Dr. Jacques Malaise, from Centre Hospitalier de l'Université de Montréal, Université de Montréal, Canada, shares his experience of using machine perfusion not just in deceased donors but also for living donors.
Please share with us some information about your center
We are one of six transplant centers in Québec province. At our center we do about 70–80 deceased and living donor kidney transplants each year and between 15–20 living donor transplants. Like many other centers our donors have become more marginal over the years, accounting for 25% of our donor pool today. Even some of our younger donors are what we might call ‘marginal’ given the cause of death is more likely to be anoxia or cerebral vascular injury than a road traffic accident.
What was your rationale for pumping all your deceased donor kidneys?
Before arriving in Montréal, I had experience pumping in Belgium and had seen the benefits not just in marginal donor organs but in young donors. We know that we lose kidneys that have had delayed graft function (DGF) at 7 or 8 years post-transplantation and these patients end up back on dialysis and the re-transplant waiting list. Our practice now is to pump all our donor kidneys even though our cold ischemic times are quite short. We believe any time on the pump is better for the long-term function of the kidney and may help to reduce the number of re-transplantations in the future. In our practice today, we see DGF rates of between 10–12% and we know that most of our patients are able to go home usually within 11 days. In our most recent experience we see 99% patient survival and 95% graft survival at one year.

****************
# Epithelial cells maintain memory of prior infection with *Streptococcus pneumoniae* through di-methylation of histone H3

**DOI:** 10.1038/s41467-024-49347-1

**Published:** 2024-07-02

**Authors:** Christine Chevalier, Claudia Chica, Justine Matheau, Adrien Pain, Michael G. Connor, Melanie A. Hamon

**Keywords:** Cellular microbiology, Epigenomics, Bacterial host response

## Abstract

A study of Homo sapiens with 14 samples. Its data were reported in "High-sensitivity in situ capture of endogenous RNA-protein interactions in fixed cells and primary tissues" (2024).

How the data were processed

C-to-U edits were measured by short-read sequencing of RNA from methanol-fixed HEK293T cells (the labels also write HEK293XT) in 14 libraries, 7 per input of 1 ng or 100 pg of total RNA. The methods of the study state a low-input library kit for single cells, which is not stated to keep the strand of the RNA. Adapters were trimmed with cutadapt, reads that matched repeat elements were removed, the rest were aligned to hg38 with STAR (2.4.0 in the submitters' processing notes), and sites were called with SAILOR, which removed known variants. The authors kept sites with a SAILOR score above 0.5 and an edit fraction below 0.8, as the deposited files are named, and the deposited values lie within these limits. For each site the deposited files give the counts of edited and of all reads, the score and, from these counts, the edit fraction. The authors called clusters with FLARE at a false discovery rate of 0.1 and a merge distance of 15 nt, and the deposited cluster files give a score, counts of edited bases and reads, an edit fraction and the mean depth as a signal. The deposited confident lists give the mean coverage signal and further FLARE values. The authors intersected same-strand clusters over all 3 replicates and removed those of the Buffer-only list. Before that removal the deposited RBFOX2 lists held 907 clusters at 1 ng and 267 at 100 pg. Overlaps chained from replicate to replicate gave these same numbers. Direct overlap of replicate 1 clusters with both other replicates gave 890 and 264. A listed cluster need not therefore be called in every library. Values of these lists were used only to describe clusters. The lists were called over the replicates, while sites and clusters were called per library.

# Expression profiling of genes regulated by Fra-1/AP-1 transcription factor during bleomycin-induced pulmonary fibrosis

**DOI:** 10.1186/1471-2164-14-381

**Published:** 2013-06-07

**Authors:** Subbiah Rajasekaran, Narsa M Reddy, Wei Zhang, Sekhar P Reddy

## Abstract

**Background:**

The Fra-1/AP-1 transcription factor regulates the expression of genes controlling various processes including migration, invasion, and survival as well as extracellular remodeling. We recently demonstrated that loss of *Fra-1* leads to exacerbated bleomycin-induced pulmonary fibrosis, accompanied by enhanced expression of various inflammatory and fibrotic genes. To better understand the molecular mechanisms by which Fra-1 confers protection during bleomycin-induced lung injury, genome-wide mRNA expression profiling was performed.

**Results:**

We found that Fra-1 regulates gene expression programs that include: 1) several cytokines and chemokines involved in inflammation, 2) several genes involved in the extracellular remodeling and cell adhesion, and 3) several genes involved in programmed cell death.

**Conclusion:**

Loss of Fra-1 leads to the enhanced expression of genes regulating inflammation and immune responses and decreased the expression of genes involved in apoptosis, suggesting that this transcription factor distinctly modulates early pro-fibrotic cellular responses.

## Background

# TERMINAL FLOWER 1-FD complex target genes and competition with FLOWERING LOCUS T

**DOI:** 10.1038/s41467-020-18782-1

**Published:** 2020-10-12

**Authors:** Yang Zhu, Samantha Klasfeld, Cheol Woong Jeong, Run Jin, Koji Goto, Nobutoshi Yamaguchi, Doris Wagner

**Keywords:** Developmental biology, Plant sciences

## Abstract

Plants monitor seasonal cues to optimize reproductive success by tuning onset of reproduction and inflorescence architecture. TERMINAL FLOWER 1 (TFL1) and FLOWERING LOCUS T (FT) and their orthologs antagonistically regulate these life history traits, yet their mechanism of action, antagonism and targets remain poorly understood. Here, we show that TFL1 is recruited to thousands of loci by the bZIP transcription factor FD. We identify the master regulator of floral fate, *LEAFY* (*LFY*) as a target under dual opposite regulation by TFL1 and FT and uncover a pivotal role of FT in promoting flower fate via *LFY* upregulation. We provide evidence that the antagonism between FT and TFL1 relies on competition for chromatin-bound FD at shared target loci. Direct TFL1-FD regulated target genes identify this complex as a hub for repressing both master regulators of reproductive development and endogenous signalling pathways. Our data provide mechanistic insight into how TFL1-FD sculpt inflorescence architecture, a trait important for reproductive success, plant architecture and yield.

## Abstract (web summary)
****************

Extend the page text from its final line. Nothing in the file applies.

What challenges and opportunities have you faced in your approach?
From a practical point of view, at our center there is also a lung transplantation programme and we often find we have to wait in line for access to the anesthesiologists and nurses so the pump can play an important role in these cases. Some of my colleagues have needed some convincing to pump all kidneys, both from an efficacy and logistical point of view. Seeing immediate early function following successful reduction in renal resistance on the pump helped colleagues understand the value of the machine. For others it took some time to get used to the idea that the pump can be left on its own and travel unattended.
You have been the first to report using machine perfusion in living donors. Please tell us more?
We often see in our living donor recipients that kidney function may not be as good as we might expect immediately post-transplantation with creatinine levels taking time to drop. We wanted to evaluate the resistance in living donor kidneys. To our surprise we found more than 50% with a renal resistance level, that had we seen it in a deceased donor, we may not have transplanted the kidney! Following even a short time on the pump (2 hours 24 minutes ± 36 minutes) we saw the renal resistance fall from 0.96 ± 0.58 mmHg/ml/min to 0.29 ± 0.12 mmHg/ml/min. We had good early function, with creatinine falling faster than historical controls and the patient out of hospital at least a day earlier than we would have expected in the past.
So what are your next plans for machine perfusion?
Two main avenues, first the use of the machine for the paired exchange program and allow the kidney to travel instead of the donor. This is particularly important in the US, where some kidneys travelling in their program have a long cold ischemic time of more than 18 hours. Second, the use of drugs during perfusion, knowing that at low temperature, most of the drugs are not potent with a very slow metabolism.